Just a couple of weeks ago, in my seventh quick take, I mentioned that I’m not a believer in that oft-spouted mantra: “Hey kids! You can be anything you want to be!”
Well, I still believe that (or I still don’t believe it, I guess), but I recently read something that really changed my understanding of how God gives us his gifts.
In the July 29, 2013 issue, Sports Illustrated ran an excerpt from The Sports Gene: Inside the Science of Extraordinary Athletic Performance
by David Epistein. I found it fascinating. I really recommend it if you like science and having your mind blown.
As both an athlete and a mother I have a great interest in the concept of how people achieve greatness, whether it be in sports, or music, or anything else. I have always assumed that some people are just gifted with excellence in a particular field. That God has given them a better eye or a better ear or quicker reflexes or better balance than other people. But it turns out that that’s not what the research says.
Of course, some people are more suited physically for some pursuits than others. But when elite athletes and grandmaster chess players were tested by scientists, it wasn’t better-than-average reflexes that set them apart, it was a learned ability to read the signs in the game — to be able to tell by just the tiniest clues around them what was likely to happen next.
In every case, it was not an innate inborn ability that gave the most talented people in their fields a leg-up on everyone else. It was practice — hours and hours and hours and hours of practice.
The researchers found that what set champions apart from their rivals, whether they were athletes or musicians or chess players, was experience. Ten thousand hours of experience, to be precise. They discovered that those children who would become the most elite in their fields had gotten to that magic number of 10,000 hours well before those who would become good but never great. The champions were the ones who chose to spend much more of their time practicing.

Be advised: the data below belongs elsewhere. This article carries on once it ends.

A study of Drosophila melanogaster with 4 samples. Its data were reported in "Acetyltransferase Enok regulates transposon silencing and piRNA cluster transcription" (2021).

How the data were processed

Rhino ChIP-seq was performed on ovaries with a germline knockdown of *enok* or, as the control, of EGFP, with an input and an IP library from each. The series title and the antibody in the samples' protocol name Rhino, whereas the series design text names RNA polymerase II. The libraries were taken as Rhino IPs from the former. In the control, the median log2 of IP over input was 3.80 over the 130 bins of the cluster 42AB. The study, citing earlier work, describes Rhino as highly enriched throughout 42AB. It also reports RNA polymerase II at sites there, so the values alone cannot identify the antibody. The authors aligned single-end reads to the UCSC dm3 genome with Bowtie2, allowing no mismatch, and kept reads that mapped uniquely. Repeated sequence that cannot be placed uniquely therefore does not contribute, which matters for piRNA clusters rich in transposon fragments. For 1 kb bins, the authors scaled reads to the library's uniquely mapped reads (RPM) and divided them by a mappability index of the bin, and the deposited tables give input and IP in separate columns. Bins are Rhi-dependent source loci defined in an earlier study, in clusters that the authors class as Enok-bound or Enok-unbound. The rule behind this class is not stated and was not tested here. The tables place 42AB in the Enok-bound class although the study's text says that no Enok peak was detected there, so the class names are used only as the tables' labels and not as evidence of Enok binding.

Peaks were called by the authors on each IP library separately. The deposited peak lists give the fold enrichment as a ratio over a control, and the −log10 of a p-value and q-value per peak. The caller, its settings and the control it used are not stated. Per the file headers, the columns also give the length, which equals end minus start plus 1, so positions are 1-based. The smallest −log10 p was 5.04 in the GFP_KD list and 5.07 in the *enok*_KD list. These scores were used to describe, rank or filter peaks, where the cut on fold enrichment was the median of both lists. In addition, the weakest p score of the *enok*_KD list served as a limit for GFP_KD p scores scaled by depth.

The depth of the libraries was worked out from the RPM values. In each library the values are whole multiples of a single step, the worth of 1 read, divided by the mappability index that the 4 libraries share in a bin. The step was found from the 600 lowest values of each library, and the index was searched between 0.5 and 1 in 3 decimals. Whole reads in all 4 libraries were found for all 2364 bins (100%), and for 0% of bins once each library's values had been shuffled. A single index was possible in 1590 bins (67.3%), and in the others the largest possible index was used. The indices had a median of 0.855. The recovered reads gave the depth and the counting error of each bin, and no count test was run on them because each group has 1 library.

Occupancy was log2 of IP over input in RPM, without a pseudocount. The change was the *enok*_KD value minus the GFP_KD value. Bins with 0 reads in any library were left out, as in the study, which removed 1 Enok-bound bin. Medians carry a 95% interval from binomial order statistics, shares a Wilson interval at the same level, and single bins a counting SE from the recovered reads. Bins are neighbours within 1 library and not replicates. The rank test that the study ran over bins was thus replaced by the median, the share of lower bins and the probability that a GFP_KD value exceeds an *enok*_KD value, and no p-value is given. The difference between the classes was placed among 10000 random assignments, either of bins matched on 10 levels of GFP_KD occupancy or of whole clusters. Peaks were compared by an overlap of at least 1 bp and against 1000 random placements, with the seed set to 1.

So what God has gifted these people with isn’t a particular talent for something, but rather a particular love for it — the desire to do the work necessary to become great.
I think that’s even more beautiful. There God goes letting us participate again.
We’ve all heard that we should tell our kids that the effort is what counts. But it turns out that that one isn’t just new age-y nonsense. Not only is effort and hard work something to be celebrated as a great good on its own, it’s also scientifically proven to be the only way I could possibly help my children achieve excellence in anything.
Okay, fine, you may be saying. That’s all well and good for kids. But what about ME? I can hardly spend 10,000 hours becoming great at something now. I have a baby.
Well, I’ve got good news for you: All of this science applies equally well to achievement in mothering.
Let’s say your baby gets the recommended average of fifteen hours of sleep per day for his first year of life, that means you’re getting in a solid nine hours of baby-parenting each day. So, to get to that magic number of 10,000 hours, you’ll need almost exactly three years. But since babies have a habit of growing up, you’ll actually need three babies to get to 10,000 hours of baby-parenting.
The math just happens to line up perfectly with the conventional wisdom among mothers of many (not to mention the post I wrote here!) that says that it takes three babies before you finally feel like you know what you’re doing.
I can’t tell you how awesome it feels to have my unfounded blog assertions proven by exhaustive scientific research.
But it turns out that that’s the big secret to mastering everything — experience and practice. In the same way that Albert Pujols knows what it means when a pitcher tweaks his elbow just so, and Rodger Federer knows what it means when the guy across the net angles his racket ever-so-slightly, and Viswanathan Anand knows what it means when the other guy does some chess thing (sorry, I don’t know much about chess), *I* know how to get my toddler down for a nap before she completely loses it, and I know what it means when my baby makes that one particular face. Because I have put in the hours.
|yeah, this face. you know you know it.|
God has given the best athletes and musicians in the world the gift of a great desire to do the thing they love. He has given them the willingness to put in the time it takes to be a champion. My desire to dedicate my life to the upbringing of my children is no less a gift from God. Those champions want to put in the hours and become the best. Well, so do I. If this is what I’m going to be doing, I might as well be awesome at it.
|Hey, look: it’s me running track and cross country for USC!|
Hopefully even awesomer than I was at running, which was: not all that awesome (but if you’re going to judge me based on that upper left photo, please remember the stagger). Pro tip: If you want to make a Division I track team, run the 400 hurdles. Ain’t nobody want to run the 400 hurdles.